Friday, May 11, 2007

Howard nails the real culprit

Probably only political obsessives managed to stick with yesterday's extended edition of Newsnight to the bitter end, but for those that did, there was a real treat in store.

Jeremy Paxman was chairing a studio discussion featuring Howard, Polly Toynbee, Charles Kennedy, Alan Milburn, David Hare and Alastair Campbell. Towards the end, the talk turned to Tony Blair's style of government and the impact of spin and sleaze.

Howard recalled that in the days when the young Tony Blair used to shadow him at Employment and the Home Office, he found him at all times to be absolutely straight and honest.

Then, looking across at Campbell, he declared: "I believe the man sitting there is who's responsible for what changed." Campbell had no response to it other than to accuse Howard of being a sore loser.

Howard's right, of course. Blair must bear the final responsibility as the man who employed him, but it was Campbell whose bullying of journalists and civil servants in the cause of news management did more than anything else to demean our political culture during the Blair years.

And of course, it was Campbell who wanted to get Dr David Kelly's name out in the open in order to "fuck Gilligan," part of the chain of events that ultimately destroyed the public's trust in Mr Blair.

The Guardian's Will Woodward has written a piece in today's Blair Resignation Supplement (not online as far as I can see) the gist of which is that Tony Blair would not have been the same force without Alastair Campbell.

Will is a nice guy who has already gone far in the Lobby and will go further, but he's wrong on this one. Without the baleful influence of Alastair Campbell, Tony Blair might have been a great Prime Minister.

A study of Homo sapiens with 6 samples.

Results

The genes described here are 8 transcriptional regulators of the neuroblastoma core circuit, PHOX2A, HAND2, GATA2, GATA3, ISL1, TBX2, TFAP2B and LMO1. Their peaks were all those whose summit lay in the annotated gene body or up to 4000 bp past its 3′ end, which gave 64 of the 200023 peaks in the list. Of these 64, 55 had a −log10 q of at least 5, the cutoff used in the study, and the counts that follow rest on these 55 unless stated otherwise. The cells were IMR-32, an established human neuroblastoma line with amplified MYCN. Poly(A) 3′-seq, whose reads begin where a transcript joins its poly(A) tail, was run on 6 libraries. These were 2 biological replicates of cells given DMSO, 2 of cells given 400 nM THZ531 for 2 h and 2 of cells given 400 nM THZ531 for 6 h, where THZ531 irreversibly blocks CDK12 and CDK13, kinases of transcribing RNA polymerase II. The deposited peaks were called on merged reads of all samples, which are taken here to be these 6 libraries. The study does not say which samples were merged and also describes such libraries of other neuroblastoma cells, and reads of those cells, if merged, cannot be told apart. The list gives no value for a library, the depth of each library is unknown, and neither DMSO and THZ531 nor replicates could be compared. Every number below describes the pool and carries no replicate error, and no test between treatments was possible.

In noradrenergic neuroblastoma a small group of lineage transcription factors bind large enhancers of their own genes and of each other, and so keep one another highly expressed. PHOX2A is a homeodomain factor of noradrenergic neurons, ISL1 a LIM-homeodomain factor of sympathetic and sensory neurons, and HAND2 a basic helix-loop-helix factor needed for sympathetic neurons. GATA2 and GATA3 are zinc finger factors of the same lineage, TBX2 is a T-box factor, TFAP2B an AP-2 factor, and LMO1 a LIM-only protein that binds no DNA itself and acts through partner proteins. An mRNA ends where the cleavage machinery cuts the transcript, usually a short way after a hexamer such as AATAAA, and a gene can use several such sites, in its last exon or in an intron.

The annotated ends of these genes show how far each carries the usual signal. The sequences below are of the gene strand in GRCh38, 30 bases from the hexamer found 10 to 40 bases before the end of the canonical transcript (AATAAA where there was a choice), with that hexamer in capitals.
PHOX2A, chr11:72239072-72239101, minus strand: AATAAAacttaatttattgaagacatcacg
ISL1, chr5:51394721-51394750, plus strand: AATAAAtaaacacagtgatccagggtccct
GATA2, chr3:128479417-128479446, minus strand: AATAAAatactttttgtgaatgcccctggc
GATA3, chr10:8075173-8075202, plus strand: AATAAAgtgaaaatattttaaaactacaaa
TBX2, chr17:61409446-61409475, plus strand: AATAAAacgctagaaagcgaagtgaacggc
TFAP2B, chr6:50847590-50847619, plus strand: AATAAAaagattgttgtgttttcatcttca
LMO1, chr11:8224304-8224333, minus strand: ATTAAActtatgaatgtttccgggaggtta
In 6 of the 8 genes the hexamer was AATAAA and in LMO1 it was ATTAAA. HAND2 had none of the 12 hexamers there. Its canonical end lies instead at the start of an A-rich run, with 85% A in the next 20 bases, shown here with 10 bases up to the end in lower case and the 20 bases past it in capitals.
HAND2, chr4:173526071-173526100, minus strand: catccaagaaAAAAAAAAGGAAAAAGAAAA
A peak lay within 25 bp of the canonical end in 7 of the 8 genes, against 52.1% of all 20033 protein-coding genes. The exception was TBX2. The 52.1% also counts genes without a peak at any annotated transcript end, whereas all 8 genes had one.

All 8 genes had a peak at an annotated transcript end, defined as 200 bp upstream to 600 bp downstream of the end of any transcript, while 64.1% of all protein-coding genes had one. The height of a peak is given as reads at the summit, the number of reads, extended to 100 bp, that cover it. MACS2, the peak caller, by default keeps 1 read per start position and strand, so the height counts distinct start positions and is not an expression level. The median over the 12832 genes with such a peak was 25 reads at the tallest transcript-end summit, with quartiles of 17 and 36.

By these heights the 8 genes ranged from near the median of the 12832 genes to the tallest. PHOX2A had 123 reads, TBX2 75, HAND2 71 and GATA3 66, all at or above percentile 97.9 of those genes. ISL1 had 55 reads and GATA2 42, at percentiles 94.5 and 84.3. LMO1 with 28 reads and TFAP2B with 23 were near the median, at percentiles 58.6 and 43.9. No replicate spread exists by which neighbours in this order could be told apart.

Update: The Newsnight clip is now on YouTube, courtesy of Chicken Yoghurt.


Wow. Somebody was bound to say it Campbell's face eventually. Shame it had to be Michael Howard, is all.

Like you say, words failed Campbell. Again.

Justin said...

Thought the exchange deserved wider exposure so I YouTubed it.

Ross said...

Justin, I had been looking for a You Tube of the incident earlier today, so thanks for that.

MorrisOx said...

This is a sore point for you, Paul, and a number of others who were either frozen out or found themselves on the receiving end of a uniquely unpleasant brand of bile.

It's not the first time a PM's right-hand man has played fast and loose - Ingham was a bruiser, Joe Haines similarly 'accomplished' - but New Labour's news management infected everything from the Downing Street bunker through to departments and agencies.

In the end, of course, it was self-defeating. But let us not pretend the Treasury - whose response to requests for information from No 10 was usually short and sweet - was much better.

Gordon has a case to answer, too.

Paul Linford said...


You are implying - and I don't blame you for thinking this - that my attitude towards Alastair is coloured in some way by my own personal dealings with him. In actual fact I had very few such dealings, save for a rather silly episode during a Lobby briefing when he accused me of asking the Governor of the Bank of England whether he had stopped beating his wife.

No, my assessment of Alastair comes from observing his dealings with others (eg telling a pregnant female lobby hack not to "wet her knickers" over some misleading piece of spin) and above all his behaviour in the run-up to the death of Dr Kelly and in the immediate aftermath of the Hutton report.

skipper said...

I sort of reach the same conclusion in my post today after staying up late as well. It was a classic moment when Howard went for Alastair and I thought he was well rattled.

Anonymous said...

paul, campbell wasn't around during the cash for perrages stuff though.

i think you maybe giving campbell too much responsibility for blair's actions.